The saying, “Timing is everything,” still holds true when it comes to identifying and pursuing a claim against a buyer. The timing to initiate a potential claim is not up for debate; it should be when you first become aware of a problem with a shipment. Whether it is a potential truck claim or a dispute with a customer, the situation needs to be addressed immediately and documented. You can document a telephone conversation by sending a timely email to confirm your position.
You should never put a problematic load on the back burner, but keep it front and center at all times. Disputes can start small and turn into complex issues if not acted upon in real-time. Therefore, it is necessary to document all telephone calls and any verbal agreements made with customers via email. As the adage goes, “The one with the most documentation wins the dispute.” Remember, if it is not documented, it never happened. It is a Best Practice to ensure that all discussions and agreements are documented.
I have linked an Arrival Inspection Check List to aid you with asking the right questions in determining if there has been a breach of contract.
What if your invoice is paid short, do you immediately pursue a claim against your customer? Unfortunately, there are times when your buyer will unilaterally remit less than the original invoice amount by taking an unauthorized deduction from your invoice.
If there is no dispute, follow these steps:
- Immediately contact your buyer seeking the full balance due.
- Explain to your buyer that no deduction was ever granted and that you expect payment in full.
- Confirm all conversations by email. Very important!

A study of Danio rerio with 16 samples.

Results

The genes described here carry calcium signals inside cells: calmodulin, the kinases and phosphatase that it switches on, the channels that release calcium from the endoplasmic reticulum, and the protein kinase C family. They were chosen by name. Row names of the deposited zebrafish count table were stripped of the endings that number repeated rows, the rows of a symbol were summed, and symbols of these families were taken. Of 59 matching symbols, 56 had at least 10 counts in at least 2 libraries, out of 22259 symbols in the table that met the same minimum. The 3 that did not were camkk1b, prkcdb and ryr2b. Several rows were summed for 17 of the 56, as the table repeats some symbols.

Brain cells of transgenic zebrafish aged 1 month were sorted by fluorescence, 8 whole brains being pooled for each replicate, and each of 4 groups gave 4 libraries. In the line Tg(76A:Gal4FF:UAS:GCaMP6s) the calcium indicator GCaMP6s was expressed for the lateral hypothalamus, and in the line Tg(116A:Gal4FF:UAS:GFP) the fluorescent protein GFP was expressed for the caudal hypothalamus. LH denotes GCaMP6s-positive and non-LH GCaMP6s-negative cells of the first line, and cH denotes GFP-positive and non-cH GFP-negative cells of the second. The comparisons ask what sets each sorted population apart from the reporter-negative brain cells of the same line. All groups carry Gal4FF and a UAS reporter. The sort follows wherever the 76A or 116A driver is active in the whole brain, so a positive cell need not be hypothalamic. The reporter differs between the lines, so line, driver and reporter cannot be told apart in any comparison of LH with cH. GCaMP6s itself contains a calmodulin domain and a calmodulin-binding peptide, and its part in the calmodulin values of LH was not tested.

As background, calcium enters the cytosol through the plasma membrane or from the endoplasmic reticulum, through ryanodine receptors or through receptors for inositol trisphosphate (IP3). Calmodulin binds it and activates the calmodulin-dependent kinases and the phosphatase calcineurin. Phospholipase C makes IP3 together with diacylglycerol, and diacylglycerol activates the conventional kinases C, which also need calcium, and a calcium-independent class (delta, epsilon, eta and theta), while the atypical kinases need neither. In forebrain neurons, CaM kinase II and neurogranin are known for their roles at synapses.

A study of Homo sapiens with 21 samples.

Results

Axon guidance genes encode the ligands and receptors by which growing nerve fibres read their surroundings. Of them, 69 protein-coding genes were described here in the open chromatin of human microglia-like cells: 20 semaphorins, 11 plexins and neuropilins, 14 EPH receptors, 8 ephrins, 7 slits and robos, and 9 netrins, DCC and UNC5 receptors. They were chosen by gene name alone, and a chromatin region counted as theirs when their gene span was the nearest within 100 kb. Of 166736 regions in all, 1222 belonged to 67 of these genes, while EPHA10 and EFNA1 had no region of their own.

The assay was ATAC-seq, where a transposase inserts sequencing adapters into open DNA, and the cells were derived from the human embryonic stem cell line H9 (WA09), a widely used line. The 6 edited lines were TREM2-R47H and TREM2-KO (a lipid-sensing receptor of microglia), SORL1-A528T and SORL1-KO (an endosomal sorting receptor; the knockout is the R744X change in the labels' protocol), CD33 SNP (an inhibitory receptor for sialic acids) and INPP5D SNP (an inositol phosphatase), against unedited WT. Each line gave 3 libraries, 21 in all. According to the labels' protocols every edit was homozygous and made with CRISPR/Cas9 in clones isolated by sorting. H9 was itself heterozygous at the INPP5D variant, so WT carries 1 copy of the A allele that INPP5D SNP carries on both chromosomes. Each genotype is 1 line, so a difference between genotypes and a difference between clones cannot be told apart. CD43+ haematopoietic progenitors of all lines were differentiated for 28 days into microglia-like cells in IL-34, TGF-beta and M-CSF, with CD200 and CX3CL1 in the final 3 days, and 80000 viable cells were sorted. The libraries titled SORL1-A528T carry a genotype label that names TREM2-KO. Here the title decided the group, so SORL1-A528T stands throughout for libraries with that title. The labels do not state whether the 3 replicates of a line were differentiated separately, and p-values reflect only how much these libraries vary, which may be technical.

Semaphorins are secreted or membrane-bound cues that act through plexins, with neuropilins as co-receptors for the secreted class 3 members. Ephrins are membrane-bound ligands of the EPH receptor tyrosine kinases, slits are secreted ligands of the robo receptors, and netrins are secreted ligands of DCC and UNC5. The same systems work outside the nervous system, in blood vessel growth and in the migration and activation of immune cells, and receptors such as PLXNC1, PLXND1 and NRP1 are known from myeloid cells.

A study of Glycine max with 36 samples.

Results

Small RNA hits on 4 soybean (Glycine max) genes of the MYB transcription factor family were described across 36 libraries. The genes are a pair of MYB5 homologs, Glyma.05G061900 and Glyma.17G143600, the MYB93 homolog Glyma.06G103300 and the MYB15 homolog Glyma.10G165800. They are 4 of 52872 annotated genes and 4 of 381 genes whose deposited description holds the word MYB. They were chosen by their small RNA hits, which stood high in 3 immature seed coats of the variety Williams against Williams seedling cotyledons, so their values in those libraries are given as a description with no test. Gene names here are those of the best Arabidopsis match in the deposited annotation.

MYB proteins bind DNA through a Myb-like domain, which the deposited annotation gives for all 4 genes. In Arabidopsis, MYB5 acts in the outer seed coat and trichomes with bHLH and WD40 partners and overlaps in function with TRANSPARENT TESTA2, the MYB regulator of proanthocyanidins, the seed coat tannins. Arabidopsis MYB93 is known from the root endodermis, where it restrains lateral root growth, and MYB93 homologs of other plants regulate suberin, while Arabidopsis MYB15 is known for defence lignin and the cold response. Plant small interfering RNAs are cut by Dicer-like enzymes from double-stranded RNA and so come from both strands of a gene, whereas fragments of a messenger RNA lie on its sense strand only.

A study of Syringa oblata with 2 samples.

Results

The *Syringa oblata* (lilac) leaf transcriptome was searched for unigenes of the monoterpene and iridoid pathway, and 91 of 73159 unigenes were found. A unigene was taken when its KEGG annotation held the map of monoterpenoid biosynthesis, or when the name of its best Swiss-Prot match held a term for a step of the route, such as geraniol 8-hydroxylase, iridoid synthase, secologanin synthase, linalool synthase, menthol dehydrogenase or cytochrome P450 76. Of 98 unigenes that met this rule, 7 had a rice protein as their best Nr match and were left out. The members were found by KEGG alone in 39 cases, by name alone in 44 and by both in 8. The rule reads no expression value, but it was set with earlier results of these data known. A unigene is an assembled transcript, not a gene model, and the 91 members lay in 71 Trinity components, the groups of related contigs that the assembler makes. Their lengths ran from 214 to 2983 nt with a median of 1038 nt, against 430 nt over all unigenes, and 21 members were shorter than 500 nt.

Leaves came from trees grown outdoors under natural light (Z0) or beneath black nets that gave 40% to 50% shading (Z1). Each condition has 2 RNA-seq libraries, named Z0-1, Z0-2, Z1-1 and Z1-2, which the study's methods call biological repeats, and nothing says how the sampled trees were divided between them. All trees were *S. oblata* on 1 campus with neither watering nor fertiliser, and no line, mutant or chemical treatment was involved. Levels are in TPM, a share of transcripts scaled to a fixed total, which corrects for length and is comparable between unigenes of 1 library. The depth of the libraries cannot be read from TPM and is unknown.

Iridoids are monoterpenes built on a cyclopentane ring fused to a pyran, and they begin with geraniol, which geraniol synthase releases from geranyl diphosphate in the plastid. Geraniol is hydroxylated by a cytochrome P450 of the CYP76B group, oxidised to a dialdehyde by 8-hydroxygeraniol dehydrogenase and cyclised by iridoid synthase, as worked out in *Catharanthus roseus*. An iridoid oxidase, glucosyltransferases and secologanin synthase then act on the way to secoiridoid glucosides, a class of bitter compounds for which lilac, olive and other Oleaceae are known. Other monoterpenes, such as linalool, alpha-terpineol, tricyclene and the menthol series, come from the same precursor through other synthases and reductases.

- Issue a balance due invoice.
It is essential to establish an internal process that keeps a record of buyers who consistently short pay your invoices. This diligence involves asking yourself whether you want such customers as partners. This discipline can help you avoid buyers who tend to cost your company more money over the course of the relationship.
If you have exhausted all attempts to resolve a dispute or no-pay situation with your customer, it is important to remember that you have a 9-month statutory window from the date of payment default to file a Perishable Agricultural Commodities Act (PACA) complaint.
For example: Payment due date of Tuesday, July 19, 2022.
April 19th is your last day to file a PACA complaint.
As an additional Best Practice recommendation, if you have not resolved the dispute within 60 days of the shipment date, it is recommended to contact me to further assist in reaching out to the buyer regarding the disputed transaction. If necessary, we can pursue payment through the power and jurisdiction of PACA.
If you have a claim or dispute that you are not exactly sure what your next step should be, please give me a call directly at (949) 885-4808 or by email at firstname.lastname@example.org. I stand ready and poised to assist our regular member companies in recouping monies that are owed. Don’t wait until it’s too late, contact me today to ensure that your company’s financial interests are protected.